Texting while driving is among the most dangerous forms of distracted driving, tripling the risk of having a car accident. In spite of the fact that 40 states currently ban texting and driving, many people still text while behind the wheel.
Police say that it’s often difficult to detect, but law enforcement agencies are working harder than ever to change that. In many instances, state and federal agencies are providing funding to implement programs that will aid law enforcement in cracking down on texting drivers.
In Alabama and Tennessee, authorities are using big-rig drivers to help them catch you texting while driving. They have a bird’s-eye view of what drivers may be doing. When they spot a driver texting, they radio ahead to a state trooper who will pull over that driver.
In New York, for example, the governor has spent $1 million modifying SUVs to make them sit higher on the road. These spotters also use radio contact with police and state troopers to stop drivers who have been texting. First-time offenders are hit with a fine of between $50 and $150 as well as five points on their licenses.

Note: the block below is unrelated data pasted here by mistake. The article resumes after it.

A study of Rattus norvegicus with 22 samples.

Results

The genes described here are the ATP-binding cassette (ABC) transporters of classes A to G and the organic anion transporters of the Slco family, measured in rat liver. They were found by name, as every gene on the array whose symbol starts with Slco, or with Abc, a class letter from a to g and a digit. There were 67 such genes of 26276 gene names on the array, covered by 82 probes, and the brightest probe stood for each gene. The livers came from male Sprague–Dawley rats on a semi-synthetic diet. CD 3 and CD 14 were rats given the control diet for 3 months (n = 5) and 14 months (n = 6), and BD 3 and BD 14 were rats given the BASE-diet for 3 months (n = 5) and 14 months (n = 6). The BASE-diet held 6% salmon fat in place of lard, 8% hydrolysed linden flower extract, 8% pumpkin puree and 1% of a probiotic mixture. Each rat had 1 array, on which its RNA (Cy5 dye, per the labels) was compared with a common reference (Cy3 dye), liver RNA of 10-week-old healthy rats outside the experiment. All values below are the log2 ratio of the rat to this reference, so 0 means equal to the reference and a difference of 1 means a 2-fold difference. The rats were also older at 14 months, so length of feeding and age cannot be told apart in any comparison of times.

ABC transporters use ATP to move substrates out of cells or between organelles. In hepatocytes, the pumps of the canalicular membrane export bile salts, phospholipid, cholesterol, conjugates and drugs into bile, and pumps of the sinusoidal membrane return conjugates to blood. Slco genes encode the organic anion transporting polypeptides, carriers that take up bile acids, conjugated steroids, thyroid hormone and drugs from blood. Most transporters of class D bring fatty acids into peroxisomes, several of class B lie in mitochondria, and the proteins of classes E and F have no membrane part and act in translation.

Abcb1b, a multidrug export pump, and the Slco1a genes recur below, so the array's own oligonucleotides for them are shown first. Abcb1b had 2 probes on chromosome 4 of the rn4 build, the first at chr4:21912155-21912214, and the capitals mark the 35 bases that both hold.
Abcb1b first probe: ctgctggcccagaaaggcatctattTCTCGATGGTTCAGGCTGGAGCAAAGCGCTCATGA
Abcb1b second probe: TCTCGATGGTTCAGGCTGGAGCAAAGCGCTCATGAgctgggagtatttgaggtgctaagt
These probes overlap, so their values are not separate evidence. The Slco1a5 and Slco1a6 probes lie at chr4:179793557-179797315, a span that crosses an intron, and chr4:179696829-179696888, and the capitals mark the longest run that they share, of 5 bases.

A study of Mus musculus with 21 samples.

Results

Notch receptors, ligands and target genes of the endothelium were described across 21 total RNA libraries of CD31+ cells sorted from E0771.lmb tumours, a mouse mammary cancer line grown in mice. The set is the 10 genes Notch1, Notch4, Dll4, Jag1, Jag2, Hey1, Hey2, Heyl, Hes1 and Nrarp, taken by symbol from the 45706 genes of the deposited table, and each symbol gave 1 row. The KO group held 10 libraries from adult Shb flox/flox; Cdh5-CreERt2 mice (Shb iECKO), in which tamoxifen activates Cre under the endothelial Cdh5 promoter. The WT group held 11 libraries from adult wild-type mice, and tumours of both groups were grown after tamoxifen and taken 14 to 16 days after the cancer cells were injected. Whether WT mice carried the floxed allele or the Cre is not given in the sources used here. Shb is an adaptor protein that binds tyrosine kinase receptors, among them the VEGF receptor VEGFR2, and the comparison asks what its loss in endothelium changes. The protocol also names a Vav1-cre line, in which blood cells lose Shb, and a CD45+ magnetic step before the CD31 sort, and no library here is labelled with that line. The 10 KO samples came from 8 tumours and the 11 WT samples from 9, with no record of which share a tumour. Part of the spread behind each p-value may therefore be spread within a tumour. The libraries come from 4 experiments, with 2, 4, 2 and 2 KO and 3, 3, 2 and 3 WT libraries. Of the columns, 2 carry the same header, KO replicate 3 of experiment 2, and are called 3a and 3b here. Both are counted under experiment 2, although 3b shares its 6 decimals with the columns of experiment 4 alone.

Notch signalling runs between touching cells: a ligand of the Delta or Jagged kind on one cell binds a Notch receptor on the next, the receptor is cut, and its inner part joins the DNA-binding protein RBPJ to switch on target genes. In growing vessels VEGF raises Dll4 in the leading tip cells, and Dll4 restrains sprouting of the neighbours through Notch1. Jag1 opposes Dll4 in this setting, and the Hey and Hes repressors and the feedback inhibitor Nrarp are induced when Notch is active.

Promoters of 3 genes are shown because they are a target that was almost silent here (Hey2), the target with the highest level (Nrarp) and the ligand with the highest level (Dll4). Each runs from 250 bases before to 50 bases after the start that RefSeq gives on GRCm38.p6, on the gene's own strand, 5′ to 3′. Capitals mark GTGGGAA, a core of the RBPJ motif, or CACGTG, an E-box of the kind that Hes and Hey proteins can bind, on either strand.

New York State troopers handed out almost 6-thousand distracted driving tickets within a two month period last summer.
The National Highway Traffic Safety Commission awarded the state of Connecticut $2.3 for towns to experiment with various high-visibility enforcement measures.
Spotters stand where they can clearly see vehicles passing, such as at intersections, stop signs and traffic lights. The spotters may then report the unlawful texting to an officer who will issue the citation.
Police officers also may use your phone records to determine whether you were texting in the case of a car accident. It is not something they often do, but if the crash is serious enough, with injuries, police may subpoena phone records to help determine who is at fault.
Police may soon have a new tool in their arsenal for detecting drivers who are texting. A Virginia company is developing a radar-like device that detects radio frequencies that are emitted from a vehicle when someone is using a cell phone. The device can tell the difference between a phone call and text. It’s not on the market yet, but it may not be long.
What do you think about this type of intrusiveness into your personal life? If it saves lives, maybe it’s worth it.